ScottMurray Scott Murray is the Social Learning Evangelist for, the web’s largest career marketplace.  He is also a contributor to the Training Insights Blog, a series of blogs dedicated to career and professional development.



Podcasting is what finally forced me to create a Twitter account for the first time. When I produced my first show over two years ago, I knew I needed to be there in order to market the podcast and announce new episodes. This belief was reinforced when I immediately noticed other podcasts promoting their recent episodes. Those postings usually looked something like this:

“The Latest Episode of The Podcast is now LIVE! (Insert link)”

“Episode 234 of The Podcast is now available. Check it out! (Insert link)”

So, in the early going, I tweeted about my latest show in a very similar fashion. As I began to add more shows, I did a little more research. I came across a few blogs that wrote about being creative with your tweets. Promoting a podcast episode definitely applies to the creativity rule because, like I said, I see plenty of podcast tweets like the ones above. So, the point is to make yours stand out by not tweeting the way everyone else does. So, I started to tweet about things that were in the podcast episodes themselves.

One of the best examples of how this type of approach works for podcasts came when I was hosting & producing The Beyond the Screens entertainment podcast. One day I posted a show dedicated to 80s movies and my guest was Anthony Michael Hall. It’s possible at one time I tweeted something about him being a guest, but the biggest response I got is when I tweeted this:

That got people’s attention. The listens for that particular show went way up shortly thereafter, and Kelly LeBrock herself retweeted it and started following the show.

When I started building a Twitter page for, I researched how different companies choose to tweet and creatively engage with customers and followers. I found that sometimes, a company might create a company mascot that tweets in the name of the company. Roger from Moz comes to mind, for example.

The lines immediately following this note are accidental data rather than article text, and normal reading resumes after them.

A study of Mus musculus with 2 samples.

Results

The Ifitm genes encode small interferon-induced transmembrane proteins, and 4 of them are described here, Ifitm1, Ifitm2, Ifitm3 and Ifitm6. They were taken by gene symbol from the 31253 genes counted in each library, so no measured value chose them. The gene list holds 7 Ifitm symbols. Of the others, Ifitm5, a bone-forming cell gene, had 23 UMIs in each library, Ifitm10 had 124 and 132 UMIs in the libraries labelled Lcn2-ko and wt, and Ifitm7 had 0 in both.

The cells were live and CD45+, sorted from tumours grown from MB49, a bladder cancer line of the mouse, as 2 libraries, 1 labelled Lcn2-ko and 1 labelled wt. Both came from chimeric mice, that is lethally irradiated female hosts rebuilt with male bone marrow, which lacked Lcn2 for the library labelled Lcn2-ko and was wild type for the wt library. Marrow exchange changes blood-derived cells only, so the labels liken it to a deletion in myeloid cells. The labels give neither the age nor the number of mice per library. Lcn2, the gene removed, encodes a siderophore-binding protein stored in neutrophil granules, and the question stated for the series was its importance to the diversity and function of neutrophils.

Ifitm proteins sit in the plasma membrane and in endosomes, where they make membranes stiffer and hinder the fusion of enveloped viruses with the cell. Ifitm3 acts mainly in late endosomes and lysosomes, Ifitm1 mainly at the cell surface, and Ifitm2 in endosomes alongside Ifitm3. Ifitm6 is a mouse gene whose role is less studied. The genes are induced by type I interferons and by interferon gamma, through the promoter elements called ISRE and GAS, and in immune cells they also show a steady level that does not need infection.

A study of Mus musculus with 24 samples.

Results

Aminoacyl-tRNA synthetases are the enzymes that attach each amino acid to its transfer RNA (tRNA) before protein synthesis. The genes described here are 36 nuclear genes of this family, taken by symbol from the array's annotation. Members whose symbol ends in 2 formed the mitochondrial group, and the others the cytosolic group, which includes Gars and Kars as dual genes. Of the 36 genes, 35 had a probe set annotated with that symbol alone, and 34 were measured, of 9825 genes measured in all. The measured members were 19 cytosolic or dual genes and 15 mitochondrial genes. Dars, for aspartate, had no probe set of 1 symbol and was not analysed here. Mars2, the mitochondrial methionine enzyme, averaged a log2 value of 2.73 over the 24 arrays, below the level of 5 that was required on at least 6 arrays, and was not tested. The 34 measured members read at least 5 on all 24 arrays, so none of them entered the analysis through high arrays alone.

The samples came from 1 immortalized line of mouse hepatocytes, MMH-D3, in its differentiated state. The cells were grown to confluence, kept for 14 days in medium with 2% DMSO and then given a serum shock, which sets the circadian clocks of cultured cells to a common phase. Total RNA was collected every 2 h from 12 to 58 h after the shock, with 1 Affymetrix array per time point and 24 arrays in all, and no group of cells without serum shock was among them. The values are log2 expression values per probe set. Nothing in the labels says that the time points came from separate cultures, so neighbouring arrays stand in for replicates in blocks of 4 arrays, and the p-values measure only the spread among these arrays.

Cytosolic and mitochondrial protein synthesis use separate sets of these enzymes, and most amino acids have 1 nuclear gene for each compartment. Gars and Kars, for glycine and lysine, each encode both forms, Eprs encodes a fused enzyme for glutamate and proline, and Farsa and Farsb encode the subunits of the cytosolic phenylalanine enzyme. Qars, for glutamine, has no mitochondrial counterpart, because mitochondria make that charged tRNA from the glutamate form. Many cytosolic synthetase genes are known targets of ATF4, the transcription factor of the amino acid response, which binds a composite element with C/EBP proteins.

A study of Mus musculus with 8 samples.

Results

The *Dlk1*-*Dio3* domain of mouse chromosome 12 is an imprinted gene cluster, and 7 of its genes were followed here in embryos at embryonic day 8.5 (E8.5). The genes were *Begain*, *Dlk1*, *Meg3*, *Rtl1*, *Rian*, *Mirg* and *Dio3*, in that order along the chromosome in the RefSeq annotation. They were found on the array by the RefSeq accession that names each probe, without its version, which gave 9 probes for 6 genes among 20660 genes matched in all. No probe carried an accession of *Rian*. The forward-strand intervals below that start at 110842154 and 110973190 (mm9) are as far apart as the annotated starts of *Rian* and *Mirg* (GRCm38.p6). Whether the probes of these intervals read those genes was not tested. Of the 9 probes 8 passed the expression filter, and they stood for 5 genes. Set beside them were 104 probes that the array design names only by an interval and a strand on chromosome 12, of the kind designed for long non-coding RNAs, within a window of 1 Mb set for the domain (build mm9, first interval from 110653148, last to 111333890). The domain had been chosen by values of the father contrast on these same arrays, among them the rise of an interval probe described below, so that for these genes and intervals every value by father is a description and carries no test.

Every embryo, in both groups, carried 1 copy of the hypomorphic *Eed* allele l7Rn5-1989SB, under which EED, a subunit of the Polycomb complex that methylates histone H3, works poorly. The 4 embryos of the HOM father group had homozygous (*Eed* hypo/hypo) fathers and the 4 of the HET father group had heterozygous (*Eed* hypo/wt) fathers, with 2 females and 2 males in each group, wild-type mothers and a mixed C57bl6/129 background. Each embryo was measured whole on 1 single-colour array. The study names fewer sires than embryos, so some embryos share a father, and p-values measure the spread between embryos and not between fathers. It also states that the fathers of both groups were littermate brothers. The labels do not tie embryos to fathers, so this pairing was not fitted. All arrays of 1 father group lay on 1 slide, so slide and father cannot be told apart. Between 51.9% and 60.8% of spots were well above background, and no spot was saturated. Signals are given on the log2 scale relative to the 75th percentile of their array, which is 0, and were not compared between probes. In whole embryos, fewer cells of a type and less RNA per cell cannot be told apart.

While that wasn’t an ideal fit for TrainUp, it was a great fit for my latest podcast. More often than not, when it comes to a podcast’s Twitter account, the show itself will have a page and the hosts will link to it from their personal accounts. I had done that in the past and was on the verge of doing that again with my new show. That is, until I created a unique character that would join in our conversations.

His name is GANNIN (The Geek & Nerd News Intel Network) and he is kind of like Jarvis from the Ironman movies. He is a key figure now in the Assembly of Geeks podcast. I decided to make him be the Twitter presence for the show. It allows for a consistent creative and “interpersonal” presence that talks to listeners, promotes the show and shares news stories (just like he does on the program).

Making him the Twitter voice gives me even more opportunities to be creative. My hope is that he becomes a listener favorite that creates a lot of listener engagement on Twitter.

Promoting a podcast on Twitter should be approached like anything else. Think of how many tweets you see a day and what makes you click on a link. Be different, be unique and be creative. You have to give people a reason to read and react.